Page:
Going to school is a BIG challenge for children with Autism. This causes the children to feel enormous anxiety and stress, which in turn can lead to behaviour. This anxiety and behaviour can be managed by effective planning and transition strategies.
Many children with Autism have a script in their minds about everything that happens in their day. As such, explaining changes in advance help pre-warn them of any changes and which will help them manage their anxiety and stress better. Following are some strategies to help your children manage their anxiety associated with starting school. These include:
- Getting to school: Practice the routine (walk, bus, car) and discuss what to do with your child if something is out of routine ( e.g. if it rains, if you have to take a detour to school because of the road works). Be aware of the best timing when dropping off your child at the school. Some children likes to arrive at the school right on the bell, while others like to arrive after everyone has already been in the classroom). Whatever routine you and your child have agreed upon, try to be consistent and stick with it as much as possible. Do the same for after school pick up.
- Manage sensory and the new environment: Too many people, too many new sounds, too much movements, new people can all be too overwhelming for the children. Try to avoid these by working with the school to manage the environment and cater for your child’s individual sensory needs.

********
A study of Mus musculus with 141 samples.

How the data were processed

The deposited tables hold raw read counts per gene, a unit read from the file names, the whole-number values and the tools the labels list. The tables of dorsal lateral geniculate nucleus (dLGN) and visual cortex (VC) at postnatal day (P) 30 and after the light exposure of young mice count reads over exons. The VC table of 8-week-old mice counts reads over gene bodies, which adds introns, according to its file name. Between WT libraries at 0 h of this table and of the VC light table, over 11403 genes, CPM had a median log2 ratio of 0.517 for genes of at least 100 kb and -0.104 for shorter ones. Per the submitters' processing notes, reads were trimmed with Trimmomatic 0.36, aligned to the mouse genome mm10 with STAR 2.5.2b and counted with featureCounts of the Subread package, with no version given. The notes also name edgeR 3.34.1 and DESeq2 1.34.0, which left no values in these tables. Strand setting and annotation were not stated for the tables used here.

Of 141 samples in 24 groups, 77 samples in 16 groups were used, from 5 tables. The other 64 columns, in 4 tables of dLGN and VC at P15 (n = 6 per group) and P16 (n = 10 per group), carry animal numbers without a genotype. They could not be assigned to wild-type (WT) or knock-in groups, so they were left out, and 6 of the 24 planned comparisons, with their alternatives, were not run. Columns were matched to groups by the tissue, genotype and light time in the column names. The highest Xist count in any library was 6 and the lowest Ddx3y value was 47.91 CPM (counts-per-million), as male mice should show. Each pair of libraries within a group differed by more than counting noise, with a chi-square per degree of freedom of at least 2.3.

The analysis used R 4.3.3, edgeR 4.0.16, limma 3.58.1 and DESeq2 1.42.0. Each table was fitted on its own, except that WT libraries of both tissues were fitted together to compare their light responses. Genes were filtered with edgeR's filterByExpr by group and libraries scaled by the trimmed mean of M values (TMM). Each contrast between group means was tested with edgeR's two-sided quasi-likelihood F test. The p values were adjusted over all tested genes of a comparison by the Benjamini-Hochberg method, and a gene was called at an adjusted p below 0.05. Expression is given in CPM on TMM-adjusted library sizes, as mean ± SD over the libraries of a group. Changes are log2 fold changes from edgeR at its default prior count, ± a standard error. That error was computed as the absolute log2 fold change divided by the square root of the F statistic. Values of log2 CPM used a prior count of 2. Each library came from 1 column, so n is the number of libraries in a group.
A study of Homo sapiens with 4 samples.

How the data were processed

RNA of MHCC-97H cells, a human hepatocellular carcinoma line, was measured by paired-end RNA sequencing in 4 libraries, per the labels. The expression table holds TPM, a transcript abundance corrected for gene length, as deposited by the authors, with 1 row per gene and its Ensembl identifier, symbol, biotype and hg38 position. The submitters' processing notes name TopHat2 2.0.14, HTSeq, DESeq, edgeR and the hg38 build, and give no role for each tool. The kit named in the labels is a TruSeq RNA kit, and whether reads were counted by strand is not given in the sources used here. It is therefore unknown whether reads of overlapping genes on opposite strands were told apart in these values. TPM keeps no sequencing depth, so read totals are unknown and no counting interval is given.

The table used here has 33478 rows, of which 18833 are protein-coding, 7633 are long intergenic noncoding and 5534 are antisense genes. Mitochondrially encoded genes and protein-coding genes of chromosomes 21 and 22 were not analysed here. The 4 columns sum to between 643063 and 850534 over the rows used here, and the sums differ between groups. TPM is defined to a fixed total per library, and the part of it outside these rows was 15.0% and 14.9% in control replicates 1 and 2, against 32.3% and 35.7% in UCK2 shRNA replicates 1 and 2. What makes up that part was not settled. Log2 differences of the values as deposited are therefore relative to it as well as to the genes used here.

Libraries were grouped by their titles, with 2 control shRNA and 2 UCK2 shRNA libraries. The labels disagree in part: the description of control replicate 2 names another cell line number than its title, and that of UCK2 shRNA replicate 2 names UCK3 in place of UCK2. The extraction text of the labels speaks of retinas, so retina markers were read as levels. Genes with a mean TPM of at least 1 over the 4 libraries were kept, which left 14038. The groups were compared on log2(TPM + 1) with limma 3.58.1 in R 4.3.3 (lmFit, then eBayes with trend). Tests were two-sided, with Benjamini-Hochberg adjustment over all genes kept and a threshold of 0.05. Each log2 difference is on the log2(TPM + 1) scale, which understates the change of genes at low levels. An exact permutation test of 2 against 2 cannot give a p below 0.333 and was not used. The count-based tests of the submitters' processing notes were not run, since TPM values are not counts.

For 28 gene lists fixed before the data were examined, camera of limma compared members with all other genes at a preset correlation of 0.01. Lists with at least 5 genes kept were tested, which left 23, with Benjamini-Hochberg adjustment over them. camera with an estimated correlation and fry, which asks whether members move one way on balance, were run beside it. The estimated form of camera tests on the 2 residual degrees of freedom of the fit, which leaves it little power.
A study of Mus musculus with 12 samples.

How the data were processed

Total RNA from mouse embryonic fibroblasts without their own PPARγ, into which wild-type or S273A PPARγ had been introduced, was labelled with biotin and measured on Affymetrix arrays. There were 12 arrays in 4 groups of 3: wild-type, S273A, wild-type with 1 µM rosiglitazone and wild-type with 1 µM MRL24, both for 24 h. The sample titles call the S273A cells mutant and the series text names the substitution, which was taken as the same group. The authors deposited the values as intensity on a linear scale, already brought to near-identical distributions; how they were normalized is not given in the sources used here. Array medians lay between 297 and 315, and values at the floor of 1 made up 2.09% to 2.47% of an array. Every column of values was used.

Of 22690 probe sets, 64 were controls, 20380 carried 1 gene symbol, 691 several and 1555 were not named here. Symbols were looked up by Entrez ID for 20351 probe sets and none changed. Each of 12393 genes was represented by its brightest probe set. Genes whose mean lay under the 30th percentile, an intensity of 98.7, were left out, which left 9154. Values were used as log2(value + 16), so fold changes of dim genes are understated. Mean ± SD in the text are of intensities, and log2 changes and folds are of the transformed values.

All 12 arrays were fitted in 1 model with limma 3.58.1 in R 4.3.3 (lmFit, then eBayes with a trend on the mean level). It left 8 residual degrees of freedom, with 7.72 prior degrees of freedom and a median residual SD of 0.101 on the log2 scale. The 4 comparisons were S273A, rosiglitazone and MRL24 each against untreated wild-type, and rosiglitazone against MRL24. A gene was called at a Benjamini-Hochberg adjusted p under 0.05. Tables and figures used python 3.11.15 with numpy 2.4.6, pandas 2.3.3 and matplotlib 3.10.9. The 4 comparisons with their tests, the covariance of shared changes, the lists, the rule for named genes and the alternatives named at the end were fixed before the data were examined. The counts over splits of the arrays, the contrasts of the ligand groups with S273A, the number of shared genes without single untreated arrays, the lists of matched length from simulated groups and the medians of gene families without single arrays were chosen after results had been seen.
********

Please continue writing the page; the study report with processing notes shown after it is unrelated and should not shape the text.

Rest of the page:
- Have a person/or persons who your child know and who he/she can go to for help.
- Use visuals to help your child navigate their way around the school (e.g. to the classroom, toilet, bags, sensory room etc.). Visual timetable for class routines are highly recommended (talk to your child’s teacher about creating one of these for your child). Photos can also be used to give information about places and people (e.g. drinking tap, class teachers, toilet).
- Use social stories to create scripts to give important information to the child such as classroom rules, school rules, making new friends, playground rules etc. You can create social scripts to explain these and your child can refer back to.
- Lunch routine: practice using lunch box, container, drink bottle etc ( some young children still have difficulties managing their lunch box and drink bottle, glad wrap, zipping and unzipping lunch bag).
- Calming strategies: Ensure that your child knows where in the new environment they can go to calm or access their sensory tools. If they have their own sensory tools that they need from home, speak with their teacher who to best support your child and accommodate this during class time.
Next week, I will share with you some strategies on talking to your children about school as a way to stay connect with older school children.